PAHOKEE — Point Counterpoint II, the world-famous floating concert hall designed by the late master architect Louis Kahn and constructed for the United States’ Bicentennial in 1976, moored at the city marina last week, and plans are being shaped for it to stay there permanently.
Formerly homeported in Talinn, Estonia, and having traveled more than a half-million miles around the world over the past four decades, the 195-foot-long, double-hulled vessel housing an acoustically engineered concert hall arrived late Tuesday night, Aug. 14, from Ottawa, Ill., at its new home in Lake Okeechobee’s quiet waters on Palm Beach County’s so-called “other coast.”
The lakefront soon will have a claim to fame incorporating art, education, history, music, theater and live band, orchestral and theatrical performances that, it’s hoped, will rival the Atlantic coastal beaches’ allure and give Big Lake regional tourism a high-pitched electric jolt.
The Point Counterpoint II (PCII for short) soon will be open to the public and hosting concerts or live theater on performance nights, when it will move into open waters and anchor just offshore from the newly renovated Pahokee lakefront park facilities and the Herbert Hoover Dike. The grassy dike and linear park will serve as the amphitheater, letting spectators enjoy live music from orchestras and other performers on the ship’s bandshell-like stage.
The grand, silver 38-foot-wide vessel, which also has an art gallery, small theater and crew accommodations on board, is owned by Robert Boudreau of Mars, Pa., who in 1957 founded the American Wind Symphony Orchestra (AWSO) that has performed for decades on board the ship.
Now in his 90s, Mr. Boudreau long has encouraged music education through his work, having commissioned over 400 new classical compositions and consistently populated the orchestra with young professional musicians, numbering more than 1,500 since 1976. “This is my 61st year as the founder of the orchestra, and … the floating arts center was built in Norfolk, Virginia, by Tidewater Corporation for a tour of 76 cities during the Bicentennial,” he said.
His intent in bringing the boat to the small City of Pahokee, isolated as it is from the tourist-rich beaches and barrier islands lining the megalopolises of Southeast Florida, is to bring a much-needed boost to the Glades region’s cultural, economic, educational and tourism prospects. Mr. Boudreau hopes to open a new pathway for artistically and musically inclined young people to the nation’s best institutions of higher learning.
He is working closely with Pahokee Chamber of Commerce Executive Director Regina Bohlen, who is relieved that the PCII is finally here and excited by the possibilities it poses.
“My involvement in it is that, over the summer while I was off, I worked on trying to get it here,” she said. “We’ve been working on it since like October, trying to get it down here, and finally it was on its way. This is a world-famous barge … so we’re really hoping that the tourism for that will have a very positive effect for Pahokee.”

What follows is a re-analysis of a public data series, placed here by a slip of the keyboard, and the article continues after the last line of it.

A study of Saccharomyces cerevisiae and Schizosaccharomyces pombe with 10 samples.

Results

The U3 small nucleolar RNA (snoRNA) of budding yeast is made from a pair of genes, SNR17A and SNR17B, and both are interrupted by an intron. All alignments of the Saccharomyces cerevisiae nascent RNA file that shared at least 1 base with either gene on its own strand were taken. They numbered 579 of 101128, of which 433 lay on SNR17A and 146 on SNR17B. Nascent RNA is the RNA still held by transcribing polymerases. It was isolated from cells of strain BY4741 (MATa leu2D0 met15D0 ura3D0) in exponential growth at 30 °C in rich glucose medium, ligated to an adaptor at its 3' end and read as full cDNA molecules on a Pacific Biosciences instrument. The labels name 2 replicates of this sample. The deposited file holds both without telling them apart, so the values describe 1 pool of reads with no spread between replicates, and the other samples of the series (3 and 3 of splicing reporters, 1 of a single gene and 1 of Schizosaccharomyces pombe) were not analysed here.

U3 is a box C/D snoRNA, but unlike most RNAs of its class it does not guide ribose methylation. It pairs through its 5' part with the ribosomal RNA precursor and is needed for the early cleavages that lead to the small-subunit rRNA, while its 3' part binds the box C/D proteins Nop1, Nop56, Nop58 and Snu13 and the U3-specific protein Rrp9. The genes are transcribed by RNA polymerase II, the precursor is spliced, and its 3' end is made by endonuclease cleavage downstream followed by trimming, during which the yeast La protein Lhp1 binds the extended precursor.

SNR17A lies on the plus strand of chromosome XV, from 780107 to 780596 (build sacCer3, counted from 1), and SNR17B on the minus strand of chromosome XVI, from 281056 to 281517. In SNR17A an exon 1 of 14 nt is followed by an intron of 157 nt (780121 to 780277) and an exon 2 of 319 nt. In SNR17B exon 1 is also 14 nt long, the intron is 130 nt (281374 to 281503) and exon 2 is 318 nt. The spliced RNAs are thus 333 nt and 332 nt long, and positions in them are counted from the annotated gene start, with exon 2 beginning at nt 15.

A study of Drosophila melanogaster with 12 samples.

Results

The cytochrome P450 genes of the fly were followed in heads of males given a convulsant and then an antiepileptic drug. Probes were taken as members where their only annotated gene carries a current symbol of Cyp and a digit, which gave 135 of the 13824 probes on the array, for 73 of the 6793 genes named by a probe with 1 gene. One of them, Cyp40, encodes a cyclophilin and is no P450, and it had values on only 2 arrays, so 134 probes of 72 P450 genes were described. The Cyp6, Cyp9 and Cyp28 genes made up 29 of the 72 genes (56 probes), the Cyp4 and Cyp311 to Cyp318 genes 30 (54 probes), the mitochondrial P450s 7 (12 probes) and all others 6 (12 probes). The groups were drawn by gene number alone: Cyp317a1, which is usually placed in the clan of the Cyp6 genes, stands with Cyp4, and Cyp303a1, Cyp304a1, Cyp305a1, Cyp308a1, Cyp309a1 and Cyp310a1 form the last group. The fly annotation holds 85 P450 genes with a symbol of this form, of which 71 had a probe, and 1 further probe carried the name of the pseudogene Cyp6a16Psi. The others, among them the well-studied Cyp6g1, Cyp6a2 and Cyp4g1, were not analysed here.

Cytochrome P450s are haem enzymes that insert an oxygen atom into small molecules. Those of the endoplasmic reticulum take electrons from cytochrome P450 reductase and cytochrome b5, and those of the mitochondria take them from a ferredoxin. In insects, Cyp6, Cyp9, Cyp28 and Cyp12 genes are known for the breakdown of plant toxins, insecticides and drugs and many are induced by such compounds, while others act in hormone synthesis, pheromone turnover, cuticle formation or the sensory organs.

Mr. Boudreau and his wife, Kathleen, came to Pahokee this week to meet with local officials, investors and educators about future plans for the Point Counterpoint II. Ms. Bohlen already has started a Gofundme page for the PCII and its resident orchestra but, she added, could not say what eventually might happen as to ownership of the vessel.
“The boat belongs to Mr. Boudreau and the American Wind Symphony Orchestra, so whatever they decide to do with it is what they will do. I think everything is up in the air at this point, exactly how all of that’s going to work,” Ms. Bohlen explained.
Robert Lambert, a partner in Everglades Reserves Holdings LLC — the investment group that is under contract to sublease Pahokee’s lakefront marina, campground and restaurant once the city’s state-financed renovations are complete — said, “Eventually, the city will buy it or we’ll buy it.”
The vessel was transported here from dry dock in Illinois over the past several weeks. Mr. Lambert, who owns Cruise America Associates and is part owner of Okeechobee’s Landing Strip Cafe, said, “It was towed down the Mississippi River all the way to New Orleans, and then a different tow company — and actually I did a little bit of the tow across the Okeechobee Waterway with them — towed it all the way.” He said it is the largest boat ever brought through the waterway, “and this is certainly the largest vessel by far to ever go into the Pahokee Marina.”
He and the ERH partners, including Mark Miller, who lives aboard a boat moored at the Pahokee Marina, have been working on plans to give the PCII a bit of sprucing up. “We’re doing a little remodeling on it … She’s getting a nice paint job and some interior renovations.”
The ship’s future, though, is going to be shaped by whatever arrangements emerge among Mr. Boudreau and the AWSO, the City of Pahokee, the Pahokee Chamber of Commerce and, Mr. Lambert said, Everglades Reserves Holdings (ERH) along with many other local residents, laborers, philanthropists, school authorities and schoolchildren, too.
“We’re getting a lot of interest,” he explained, continuing: “One of the main aspects of this whole plan is to teach some of the local residents, the youth in Pahokee, Belle Glade (and this region) how to play some of these wind instruments. In the past, Mr. Boudreau … has always wanted to do that, and help these kids get scholarships into college. He’s been very successful over the past years.”
Last year, the Point Counterpoint’s success was celebrated with a 60th anniversary tour by the orchestra, which is a woodwinds ensemble using remarkably wide-ranging instrumentation.
Ms. Bohlen, looking forward to collaborating on the boat’s future in Pahokee, said plans might be a little fuzzy right now, but “the main thing is that the boat is here, and everything else will get worked out.”